In Swedish, the expression "det var droppen som fick bägaren att rinna över", directly translated to "the droplet that caused the beaker to overflow", is used to express that enough is enough. Is there a similar expression in English?
The straw that broke the camel’s back.
This write-up traces the saying’s history back to long ago, noting that Seneca once wrote in “On Despising Death” (Letter XXIV):
Counting even yesterday, all past time is lost time; the very day which we are now spending is shared between ourselves and death. It is not the last drop that empties the water-clock, but all that which previously has flowed out; similarly, the final hour when we cease to exist does not of itself bring death; it merely of itself completes the death-process.
And the online thesaurus seems to think that “match in the powder barrel” is a synonym for “the straw that broke the camel’s back”.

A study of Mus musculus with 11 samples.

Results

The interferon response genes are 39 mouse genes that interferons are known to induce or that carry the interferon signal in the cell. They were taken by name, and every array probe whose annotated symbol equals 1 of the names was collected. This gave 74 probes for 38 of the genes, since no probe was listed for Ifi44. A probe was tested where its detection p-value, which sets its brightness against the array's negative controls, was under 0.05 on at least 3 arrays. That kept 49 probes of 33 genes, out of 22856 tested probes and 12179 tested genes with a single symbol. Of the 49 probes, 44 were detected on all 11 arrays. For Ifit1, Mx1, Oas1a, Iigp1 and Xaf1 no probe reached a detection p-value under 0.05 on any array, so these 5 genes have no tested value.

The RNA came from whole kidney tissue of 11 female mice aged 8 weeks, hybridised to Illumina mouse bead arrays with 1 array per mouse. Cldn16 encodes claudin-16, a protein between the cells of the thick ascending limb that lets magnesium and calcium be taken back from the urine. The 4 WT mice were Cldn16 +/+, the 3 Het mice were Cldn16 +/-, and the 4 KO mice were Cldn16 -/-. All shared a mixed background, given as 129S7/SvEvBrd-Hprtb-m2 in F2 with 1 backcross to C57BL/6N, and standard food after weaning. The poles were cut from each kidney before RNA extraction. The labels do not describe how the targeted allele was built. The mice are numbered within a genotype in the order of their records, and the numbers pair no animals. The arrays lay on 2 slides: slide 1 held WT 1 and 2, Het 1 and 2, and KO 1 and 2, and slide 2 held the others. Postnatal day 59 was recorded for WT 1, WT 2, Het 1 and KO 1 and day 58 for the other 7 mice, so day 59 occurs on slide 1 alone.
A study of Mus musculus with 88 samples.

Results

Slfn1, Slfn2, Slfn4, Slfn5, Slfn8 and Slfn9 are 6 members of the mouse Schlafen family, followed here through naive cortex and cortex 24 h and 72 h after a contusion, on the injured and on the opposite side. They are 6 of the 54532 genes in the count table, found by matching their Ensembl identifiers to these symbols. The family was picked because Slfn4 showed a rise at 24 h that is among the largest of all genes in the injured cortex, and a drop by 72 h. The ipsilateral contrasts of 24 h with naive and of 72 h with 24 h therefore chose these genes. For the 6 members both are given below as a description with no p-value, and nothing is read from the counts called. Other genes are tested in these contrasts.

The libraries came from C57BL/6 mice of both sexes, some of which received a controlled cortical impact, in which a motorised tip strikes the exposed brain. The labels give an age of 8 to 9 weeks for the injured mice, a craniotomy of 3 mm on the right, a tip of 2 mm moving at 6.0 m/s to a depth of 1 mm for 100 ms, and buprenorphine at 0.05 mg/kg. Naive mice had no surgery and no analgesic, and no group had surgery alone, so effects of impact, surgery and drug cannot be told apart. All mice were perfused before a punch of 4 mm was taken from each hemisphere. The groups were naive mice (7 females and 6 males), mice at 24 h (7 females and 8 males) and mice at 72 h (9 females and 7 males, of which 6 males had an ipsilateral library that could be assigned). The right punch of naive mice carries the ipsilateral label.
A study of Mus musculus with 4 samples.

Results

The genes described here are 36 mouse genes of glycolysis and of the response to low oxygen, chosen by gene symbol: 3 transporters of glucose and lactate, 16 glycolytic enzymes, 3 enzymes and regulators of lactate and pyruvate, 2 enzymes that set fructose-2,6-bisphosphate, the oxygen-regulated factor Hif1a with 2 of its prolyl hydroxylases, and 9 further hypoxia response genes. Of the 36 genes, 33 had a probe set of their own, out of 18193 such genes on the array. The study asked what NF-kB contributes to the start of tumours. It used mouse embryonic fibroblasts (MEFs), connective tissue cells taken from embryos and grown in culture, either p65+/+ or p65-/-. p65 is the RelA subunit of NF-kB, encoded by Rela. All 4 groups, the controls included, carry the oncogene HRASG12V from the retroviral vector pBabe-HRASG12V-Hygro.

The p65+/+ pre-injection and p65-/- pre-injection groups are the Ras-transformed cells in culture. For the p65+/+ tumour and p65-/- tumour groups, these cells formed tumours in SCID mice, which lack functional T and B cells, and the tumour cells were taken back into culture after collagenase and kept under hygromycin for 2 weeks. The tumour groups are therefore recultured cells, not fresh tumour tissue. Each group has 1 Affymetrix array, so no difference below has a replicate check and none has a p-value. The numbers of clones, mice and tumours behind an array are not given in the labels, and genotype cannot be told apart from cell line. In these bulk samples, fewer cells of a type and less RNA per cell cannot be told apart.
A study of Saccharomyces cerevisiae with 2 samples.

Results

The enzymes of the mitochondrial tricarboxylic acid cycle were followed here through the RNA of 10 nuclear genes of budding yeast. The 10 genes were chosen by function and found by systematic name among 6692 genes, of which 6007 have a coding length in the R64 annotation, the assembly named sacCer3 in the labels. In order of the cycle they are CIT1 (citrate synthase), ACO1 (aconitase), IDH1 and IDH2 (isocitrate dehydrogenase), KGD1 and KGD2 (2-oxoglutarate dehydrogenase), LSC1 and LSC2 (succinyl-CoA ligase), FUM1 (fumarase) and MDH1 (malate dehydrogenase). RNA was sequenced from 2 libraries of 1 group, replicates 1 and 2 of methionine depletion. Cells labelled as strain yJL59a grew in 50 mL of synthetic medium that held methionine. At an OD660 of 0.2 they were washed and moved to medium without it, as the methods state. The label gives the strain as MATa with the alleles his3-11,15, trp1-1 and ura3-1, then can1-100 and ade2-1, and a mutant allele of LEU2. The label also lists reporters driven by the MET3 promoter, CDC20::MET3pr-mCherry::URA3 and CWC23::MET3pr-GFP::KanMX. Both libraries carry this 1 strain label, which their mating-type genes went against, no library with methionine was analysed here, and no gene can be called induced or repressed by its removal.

I just have to include my favorite expression, "It's always the last thing you did that got you in trouble" - it somehow always seems to be true. In your expression, it was adding that last drop that overflowed the beaker.
There is a perfectly elegant way to say it and it is known in the English lexicon. It does, however, suggests too much of something good, rather than bad:
His cup runneth over.
It's a Biblical excerpt . Used in the negative sense, it might make for a clever play on words, say, used for irony or a sarcastic comment. Context would matter. Example:
After her speeches on altruism and the disgrace of poverty, the head cheerleader's cup runneth over with catty comments about her family and her lifestyle.
This is the drop that filled the glass.
or else simply:
This was the last drop!
There are probably more (as @tchrist's answer shows).